Put steak aside and teeth into law
Portland City Commissioner Randy Leonard thinks it's perfectly acceptable - even commendable - to use his leftover campaign donations to pay for steak dinners and office portraits.
We strongly disagree with the commissioner on that point, but our objection can be no more than academic for now. Under Oregon law, Leonard's liberal use of excess campaign dollars is a legal practice and will remain so until the Legislature acts to change statutes that fail to serve the public's interest.
As reported in the Feb. 26 Portland Tribune, Leonard has found appetizing and entertaining ways to spend portions of the money remaining in his 2008 campaign chest. He has hosted dinners at Ringside steakhouse and Ruth's Chris Steakhouse in amounts ranging from $183 to $341. He has purchased tickets to Portland Timbers games and even used $750 to pay an artist for a portrait of himself.
Leonard argues that these purchases were related to his official duties and were therefore legitimate uses of campaign money. The dinners, for example, were not social occasions, but business meetings he would rather not have attended. By using campaign cash to pay the bill, he actually saves taxpayer money, Leonard claims.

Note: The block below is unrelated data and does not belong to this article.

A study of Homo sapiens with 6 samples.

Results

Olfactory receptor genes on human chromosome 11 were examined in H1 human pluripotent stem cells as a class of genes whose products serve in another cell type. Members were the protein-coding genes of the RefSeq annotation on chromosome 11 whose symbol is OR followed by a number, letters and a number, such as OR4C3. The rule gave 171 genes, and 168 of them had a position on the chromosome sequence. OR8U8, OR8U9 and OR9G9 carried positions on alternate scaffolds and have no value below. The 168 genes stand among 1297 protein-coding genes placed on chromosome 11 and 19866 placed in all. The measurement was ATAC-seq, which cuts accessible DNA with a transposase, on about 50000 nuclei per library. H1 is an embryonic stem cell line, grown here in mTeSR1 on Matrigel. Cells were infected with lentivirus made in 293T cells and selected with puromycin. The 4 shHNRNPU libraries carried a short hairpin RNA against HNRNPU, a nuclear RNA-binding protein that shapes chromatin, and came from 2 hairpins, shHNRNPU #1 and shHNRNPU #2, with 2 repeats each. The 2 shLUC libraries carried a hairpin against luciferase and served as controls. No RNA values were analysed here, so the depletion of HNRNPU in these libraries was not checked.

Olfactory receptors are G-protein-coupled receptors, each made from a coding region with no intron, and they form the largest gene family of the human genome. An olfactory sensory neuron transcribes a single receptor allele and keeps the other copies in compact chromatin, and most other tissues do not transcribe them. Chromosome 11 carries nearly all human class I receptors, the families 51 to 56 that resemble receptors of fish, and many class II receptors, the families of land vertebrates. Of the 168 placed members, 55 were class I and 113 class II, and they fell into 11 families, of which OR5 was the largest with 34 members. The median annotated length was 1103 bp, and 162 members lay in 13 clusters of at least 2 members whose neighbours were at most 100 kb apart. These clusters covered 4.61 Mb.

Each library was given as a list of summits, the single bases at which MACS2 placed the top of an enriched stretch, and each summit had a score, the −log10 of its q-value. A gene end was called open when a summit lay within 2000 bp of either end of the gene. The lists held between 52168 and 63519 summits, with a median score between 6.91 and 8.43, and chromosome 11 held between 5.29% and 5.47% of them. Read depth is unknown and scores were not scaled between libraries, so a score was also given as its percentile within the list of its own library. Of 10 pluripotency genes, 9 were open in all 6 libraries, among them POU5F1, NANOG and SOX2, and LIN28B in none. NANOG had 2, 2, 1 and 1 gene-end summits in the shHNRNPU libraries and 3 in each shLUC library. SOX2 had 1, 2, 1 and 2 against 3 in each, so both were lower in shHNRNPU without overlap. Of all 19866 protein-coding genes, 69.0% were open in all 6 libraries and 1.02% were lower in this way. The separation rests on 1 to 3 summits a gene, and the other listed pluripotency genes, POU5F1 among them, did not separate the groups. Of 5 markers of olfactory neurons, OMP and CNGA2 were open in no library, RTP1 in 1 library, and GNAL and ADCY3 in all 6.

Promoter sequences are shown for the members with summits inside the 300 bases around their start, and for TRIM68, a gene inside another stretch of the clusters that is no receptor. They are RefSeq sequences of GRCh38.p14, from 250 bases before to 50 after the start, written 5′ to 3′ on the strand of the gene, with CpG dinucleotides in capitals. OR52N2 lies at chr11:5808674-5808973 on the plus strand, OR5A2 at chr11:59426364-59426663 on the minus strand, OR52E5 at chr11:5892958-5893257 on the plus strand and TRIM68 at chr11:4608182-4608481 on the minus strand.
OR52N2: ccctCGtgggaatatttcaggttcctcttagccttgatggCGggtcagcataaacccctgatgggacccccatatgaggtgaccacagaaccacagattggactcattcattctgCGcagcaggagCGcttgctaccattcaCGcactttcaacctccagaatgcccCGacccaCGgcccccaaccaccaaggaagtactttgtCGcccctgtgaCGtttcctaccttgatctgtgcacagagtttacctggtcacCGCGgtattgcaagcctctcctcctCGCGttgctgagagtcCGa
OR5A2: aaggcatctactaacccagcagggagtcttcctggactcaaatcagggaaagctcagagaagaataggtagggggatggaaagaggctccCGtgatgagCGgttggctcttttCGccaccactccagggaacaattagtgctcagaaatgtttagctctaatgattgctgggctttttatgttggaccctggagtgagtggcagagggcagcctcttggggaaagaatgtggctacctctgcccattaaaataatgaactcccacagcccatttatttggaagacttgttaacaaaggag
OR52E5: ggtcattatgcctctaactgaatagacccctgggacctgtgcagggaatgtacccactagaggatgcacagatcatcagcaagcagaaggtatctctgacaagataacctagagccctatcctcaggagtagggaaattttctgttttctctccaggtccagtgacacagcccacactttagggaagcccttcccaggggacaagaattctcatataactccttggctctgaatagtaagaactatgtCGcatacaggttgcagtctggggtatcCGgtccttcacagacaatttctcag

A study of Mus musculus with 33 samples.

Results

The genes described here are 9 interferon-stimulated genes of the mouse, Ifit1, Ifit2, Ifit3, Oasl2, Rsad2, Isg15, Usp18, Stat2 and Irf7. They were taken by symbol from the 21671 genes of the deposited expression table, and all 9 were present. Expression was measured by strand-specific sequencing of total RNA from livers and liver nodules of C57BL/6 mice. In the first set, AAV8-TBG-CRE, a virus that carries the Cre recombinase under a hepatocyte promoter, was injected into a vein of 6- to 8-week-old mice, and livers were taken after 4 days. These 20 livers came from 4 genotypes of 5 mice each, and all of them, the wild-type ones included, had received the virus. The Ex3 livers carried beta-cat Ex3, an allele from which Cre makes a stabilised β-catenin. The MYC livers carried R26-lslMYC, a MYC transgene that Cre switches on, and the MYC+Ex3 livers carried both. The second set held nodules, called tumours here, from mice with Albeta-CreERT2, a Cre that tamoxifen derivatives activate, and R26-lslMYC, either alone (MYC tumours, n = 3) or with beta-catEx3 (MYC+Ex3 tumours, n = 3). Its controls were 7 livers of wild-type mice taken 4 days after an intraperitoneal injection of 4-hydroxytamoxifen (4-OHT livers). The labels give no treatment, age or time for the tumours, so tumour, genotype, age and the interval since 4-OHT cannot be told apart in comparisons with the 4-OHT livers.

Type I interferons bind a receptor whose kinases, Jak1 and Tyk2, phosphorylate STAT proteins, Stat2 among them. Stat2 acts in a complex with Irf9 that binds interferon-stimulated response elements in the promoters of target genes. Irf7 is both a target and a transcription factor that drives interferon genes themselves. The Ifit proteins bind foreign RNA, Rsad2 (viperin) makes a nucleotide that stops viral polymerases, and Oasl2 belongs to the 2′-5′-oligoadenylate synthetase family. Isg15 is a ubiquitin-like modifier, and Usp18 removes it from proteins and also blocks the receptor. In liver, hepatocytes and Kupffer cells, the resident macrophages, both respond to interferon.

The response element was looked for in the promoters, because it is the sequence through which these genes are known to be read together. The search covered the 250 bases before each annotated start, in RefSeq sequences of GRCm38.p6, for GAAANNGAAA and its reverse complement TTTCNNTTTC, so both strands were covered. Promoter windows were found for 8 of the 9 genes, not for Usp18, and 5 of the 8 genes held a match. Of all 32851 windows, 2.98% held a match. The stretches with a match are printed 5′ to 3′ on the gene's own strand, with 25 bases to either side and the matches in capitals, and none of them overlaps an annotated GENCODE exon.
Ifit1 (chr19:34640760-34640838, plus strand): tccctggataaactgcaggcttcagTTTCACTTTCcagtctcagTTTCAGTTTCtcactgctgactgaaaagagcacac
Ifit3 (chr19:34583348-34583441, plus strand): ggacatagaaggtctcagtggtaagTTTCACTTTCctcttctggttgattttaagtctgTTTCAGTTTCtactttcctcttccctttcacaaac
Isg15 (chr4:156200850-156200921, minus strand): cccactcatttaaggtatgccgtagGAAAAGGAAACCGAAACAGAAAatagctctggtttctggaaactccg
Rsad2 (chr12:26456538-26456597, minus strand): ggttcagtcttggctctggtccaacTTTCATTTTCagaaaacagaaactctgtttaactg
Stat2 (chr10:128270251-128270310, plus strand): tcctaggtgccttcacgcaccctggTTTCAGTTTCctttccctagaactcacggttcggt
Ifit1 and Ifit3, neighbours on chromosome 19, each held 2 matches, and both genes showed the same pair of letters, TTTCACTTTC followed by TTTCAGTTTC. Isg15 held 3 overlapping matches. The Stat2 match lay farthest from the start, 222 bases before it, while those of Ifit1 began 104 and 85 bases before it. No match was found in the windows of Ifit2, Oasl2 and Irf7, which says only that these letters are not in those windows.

We could quibble with Leonard about whether the people who donated to his campaign would approve of their money being spent on steak dinners. And we also believe that when a public official uses leftover campaign cash for activities that appear to be pleasurable, then a campaign donation becomes something close to a personal gift - a gift for which reciprocity might be expected in the future.
But those arguments are irrelevant as long as state law condones what Leonard is doing. Leonard may not be alone in his practices. So the place to close this and other gaping loopholes in campaign contribution and expenditure laws is the Legislature.
Lawmakers must make it crystal clear that campaign donations are to be used only for expenses related to the candidate's race for office. Once a campaign is over, the money can be saved for the next campaign or donated to charity - but all other uses should be banned.
Some of Portland's finest restaurants might lose a little of Leonard's business, but the public will be better served in many other ways.